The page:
PSYCH 342 - Abnormal Psychology
- Articulate the differences between "abnormal" and "normal" behavior.
- Demonstrate knowledge and understanding of the causes, diagnoses, and treatment of major psychological disorders from a historical, biological, and psychological perspective.
- Understand and engage the controversial issues and major theoretical explanations of disorders in the field of clinical and counseling psychology.
- Examine and critique current research on psychological disorders.
- Describe and compare the effectiveness of various forms of treatment.
This course is designed to give students a basic understanding of the history, research methods, classification, assessment, diagnosis, causes (etiology), course, prognosis, and treatment of mental disorders. Given that there is sufficient literature to warrant a separate course on each disorder, the focus will be limited to gaining a general understanding of the current issues being faced by mental health professionals with respect to the aforementioned overview.
Learning Model Architecture
Students will prepare by reading and studying textbook chapters, and completing reading quizzes.
Students will teach one another by participating in small group discussions around chapter topics.
Students will ponder and prove by completing writing assignments related to the textbook and other book readings.
|Comer, R. J. (2016). Fundamentals of abnormal psychology (8th ed.). New York, NY: Worth Publishers.|
|Miller, R. B. (2015). Not So Abnormal Psychology: A Pragmatic View of Mental Illness. Washington, D.C.: American Psychological Association.|
|Brown, H. (2011). Brave Girl Eating: A Family's Struggle with Anorexia. New York, NY: Harper Collins.|
|Saks, E. R. (2007). The Center Cannot Hold: My Journey Through Madness. New York, NY: Hyperion.|
- Studying chapter and completing Reading Quiz takes approx 2 hrs every week
- Chapter Quizzes take approx 30 mins every week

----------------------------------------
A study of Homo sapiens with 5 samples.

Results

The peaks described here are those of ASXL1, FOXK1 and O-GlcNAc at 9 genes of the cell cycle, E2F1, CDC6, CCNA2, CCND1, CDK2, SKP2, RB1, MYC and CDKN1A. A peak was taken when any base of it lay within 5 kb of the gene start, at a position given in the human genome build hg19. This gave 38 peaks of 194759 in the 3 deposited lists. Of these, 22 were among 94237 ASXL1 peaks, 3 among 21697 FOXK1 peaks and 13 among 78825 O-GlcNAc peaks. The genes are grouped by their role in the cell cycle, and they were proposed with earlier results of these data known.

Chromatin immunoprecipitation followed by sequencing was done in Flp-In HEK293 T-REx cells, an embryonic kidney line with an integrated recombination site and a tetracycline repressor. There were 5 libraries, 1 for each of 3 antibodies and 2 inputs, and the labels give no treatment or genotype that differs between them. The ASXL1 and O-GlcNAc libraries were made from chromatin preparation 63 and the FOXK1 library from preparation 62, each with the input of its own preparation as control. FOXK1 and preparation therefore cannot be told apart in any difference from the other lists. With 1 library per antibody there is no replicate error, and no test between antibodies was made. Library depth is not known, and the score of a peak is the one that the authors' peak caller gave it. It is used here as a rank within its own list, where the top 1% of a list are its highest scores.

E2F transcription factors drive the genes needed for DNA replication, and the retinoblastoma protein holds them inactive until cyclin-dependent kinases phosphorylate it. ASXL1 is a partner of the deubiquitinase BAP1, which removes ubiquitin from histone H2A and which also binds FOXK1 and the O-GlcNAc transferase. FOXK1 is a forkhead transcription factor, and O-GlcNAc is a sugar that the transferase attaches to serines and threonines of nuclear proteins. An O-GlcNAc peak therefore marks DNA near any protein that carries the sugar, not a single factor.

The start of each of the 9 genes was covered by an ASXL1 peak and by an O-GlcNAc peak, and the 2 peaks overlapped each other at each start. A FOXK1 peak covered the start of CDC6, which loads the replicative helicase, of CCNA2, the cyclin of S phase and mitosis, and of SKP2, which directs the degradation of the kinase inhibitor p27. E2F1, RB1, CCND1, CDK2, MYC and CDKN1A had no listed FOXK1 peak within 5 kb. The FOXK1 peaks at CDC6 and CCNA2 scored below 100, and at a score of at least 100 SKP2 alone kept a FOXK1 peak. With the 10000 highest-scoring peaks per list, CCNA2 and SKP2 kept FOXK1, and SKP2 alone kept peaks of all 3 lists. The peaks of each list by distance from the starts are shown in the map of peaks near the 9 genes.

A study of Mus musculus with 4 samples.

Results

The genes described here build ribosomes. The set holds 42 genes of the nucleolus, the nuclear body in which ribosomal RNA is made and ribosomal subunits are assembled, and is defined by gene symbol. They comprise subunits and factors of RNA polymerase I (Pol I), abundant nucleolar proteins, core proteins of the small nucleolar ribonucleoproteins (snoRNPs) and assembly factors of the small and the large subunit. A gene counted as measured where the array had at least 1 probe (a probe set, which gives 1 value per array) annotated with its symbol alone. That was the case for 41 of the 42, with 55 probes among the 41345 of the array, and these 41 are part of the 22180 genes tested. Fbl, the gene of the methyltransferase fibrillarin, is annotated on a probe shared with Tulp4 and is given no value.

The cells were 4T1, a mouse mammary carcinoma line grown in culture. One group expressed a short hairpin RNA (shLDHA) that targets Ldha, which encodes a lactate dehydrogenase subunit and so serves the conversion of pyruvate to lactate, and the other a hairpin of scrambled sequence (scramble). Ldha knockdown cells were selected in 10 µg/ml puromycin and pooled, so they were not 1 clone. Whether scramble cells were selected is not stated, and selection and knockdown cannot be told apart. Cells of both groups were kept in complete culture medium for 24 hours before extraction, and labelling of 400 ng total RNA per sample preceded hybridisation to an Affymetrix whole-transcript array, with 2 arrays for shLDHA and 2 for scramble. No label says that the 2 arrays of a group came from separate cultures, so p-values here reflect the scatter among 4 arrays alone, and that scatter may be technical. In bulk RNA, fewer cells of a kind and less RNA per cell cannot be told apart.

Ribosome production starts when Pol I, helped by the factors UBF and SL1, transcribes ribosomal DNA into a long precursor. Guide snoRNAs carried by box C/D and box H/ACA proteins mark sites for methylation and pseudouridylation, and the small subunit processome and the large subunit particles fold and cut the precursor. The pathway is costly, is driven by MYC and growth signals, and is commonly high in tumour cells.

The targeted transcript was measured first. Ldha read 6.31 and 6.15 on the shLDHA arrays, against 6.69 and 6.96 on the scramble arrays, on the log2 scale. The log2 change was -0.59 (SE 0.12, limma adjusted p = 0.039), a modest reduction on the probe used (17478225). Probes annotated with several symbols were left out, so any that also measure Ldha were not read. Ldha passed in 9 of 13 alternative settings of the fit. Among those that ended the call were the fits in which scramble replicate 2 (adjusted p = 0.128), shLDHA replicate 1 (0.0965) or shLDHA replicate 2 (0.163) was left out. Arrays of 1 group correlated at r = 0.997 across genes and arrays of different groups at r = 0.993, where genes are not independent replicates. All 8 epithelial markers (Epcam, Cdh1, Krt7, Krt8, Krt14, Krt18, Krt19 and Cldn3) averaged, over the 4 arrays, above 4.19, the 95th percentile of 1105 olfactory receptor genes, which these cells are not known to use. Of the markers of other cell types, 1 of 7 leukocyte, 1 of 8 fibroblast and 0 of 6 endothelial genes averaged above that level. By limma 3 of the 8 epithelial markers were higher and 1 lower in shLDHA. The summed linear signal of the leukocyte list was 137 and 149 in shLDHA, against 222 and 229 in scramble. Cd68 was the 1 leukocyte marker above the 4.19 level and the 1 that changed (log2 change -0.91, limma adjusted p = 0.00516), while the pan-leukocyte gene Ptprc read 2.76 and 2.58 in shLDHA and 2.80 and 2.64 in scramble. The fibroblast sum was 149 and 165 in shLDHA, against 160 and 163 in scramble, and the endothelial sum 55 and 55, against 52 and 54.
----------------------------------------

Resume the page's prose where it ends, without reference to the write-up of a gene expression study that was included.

NSAP Chapter Outline
- approx. 1 hr assignment due in Lessons 02–03, 06, 08, 10–12
Gather in Small Groups
- 30 min weekly virtual meeting, led by a student
Small Groups Gathering Discussion
- weekly discussion board used to report on gathering attendance
- Short-answer tests in Lessons 02–03, 06, 08, 10–12
Additional Readings & Responses
- Reading in Lessons 05–08 (Brave Girl Eating) and 10–13 (Center Cannot Hold)
- Brief written response in each lesson
- Four in total, lessons 04, 07, 09, 14
The grade book for this course has no weighted categories—what you see is what you get.
The grade scale for this course is as follows:
|F||59% and below|
Late Work Policy
Late work is not accepted. However, your Instructor may extend deadlines if you experience extenuating circumstances. Contact your Instructor to discuss personal or emergency situations.
Tutoring options for online students are available through the Academic Support Center. Check the details in the link provided.
Online Support Center
The Online Support Center (OSC) is available to help you with problems in online courses. If you have questions about this course, the instructor, technical difficulties, or your online learning experience, please contact the OSC:
Phone: (208) 496-1800
Toll-free Phone: (866) 672-2984
Live Chat: To access the chat feature, please visit the website
Website: Online Support Center
You have the responsibility to carefully read assigned materials and instructions. Questions should be noted and directed to your instructor. You also have the responsibility to contribute to others’ learning through your participation in discussions.
This syllabus and the course schedule may be changed at any time prior to or during the semester as the need arises. You will be notified by your instructor of any changes and may view them in the course documents.
Read the University Policies page found in the Welcome module in the course. See information there about student honor, students with disabilities, sexual harassment, complaints and grievances, and copyright policies. Students with disabilities should contact their instructor regarding many of the activities.
As followers of Christ, all BYU-Idaho students, staff, and faculty are expected to be honest in all their dealings. This honesty also applies and extends to behavior and actions related to academic work. It is critical for you to understand the seriousness of academic dishonesty and misconduct and strive to produce and submit only the results of your own effort and original work. While you are encouraged to work with one another and share ideas, the sharing of text, code, or anything like it for individual assignments is inappropriate. There is never an acceptable excuse for plagiarism or cheating. Academic dishonesty will not be tolerated by the University.
Your instructor will be responsible for creating and applying policies and penalties for academic dishonesty, which may include point deductions, a score of zero on an entire assignment, and referral to the Student Honor Office. Cases will be analyzed on an individual basis and penalties applied according to the severity of the misconduct.
Materials on BYU Idaho I-Learn and related sites may be protected by U.S. Copyright Law (Title 17, U.S. Code). These materials are only for the use of students enrolled in this course for purposes associated with this course and may not be retained or further disseminated.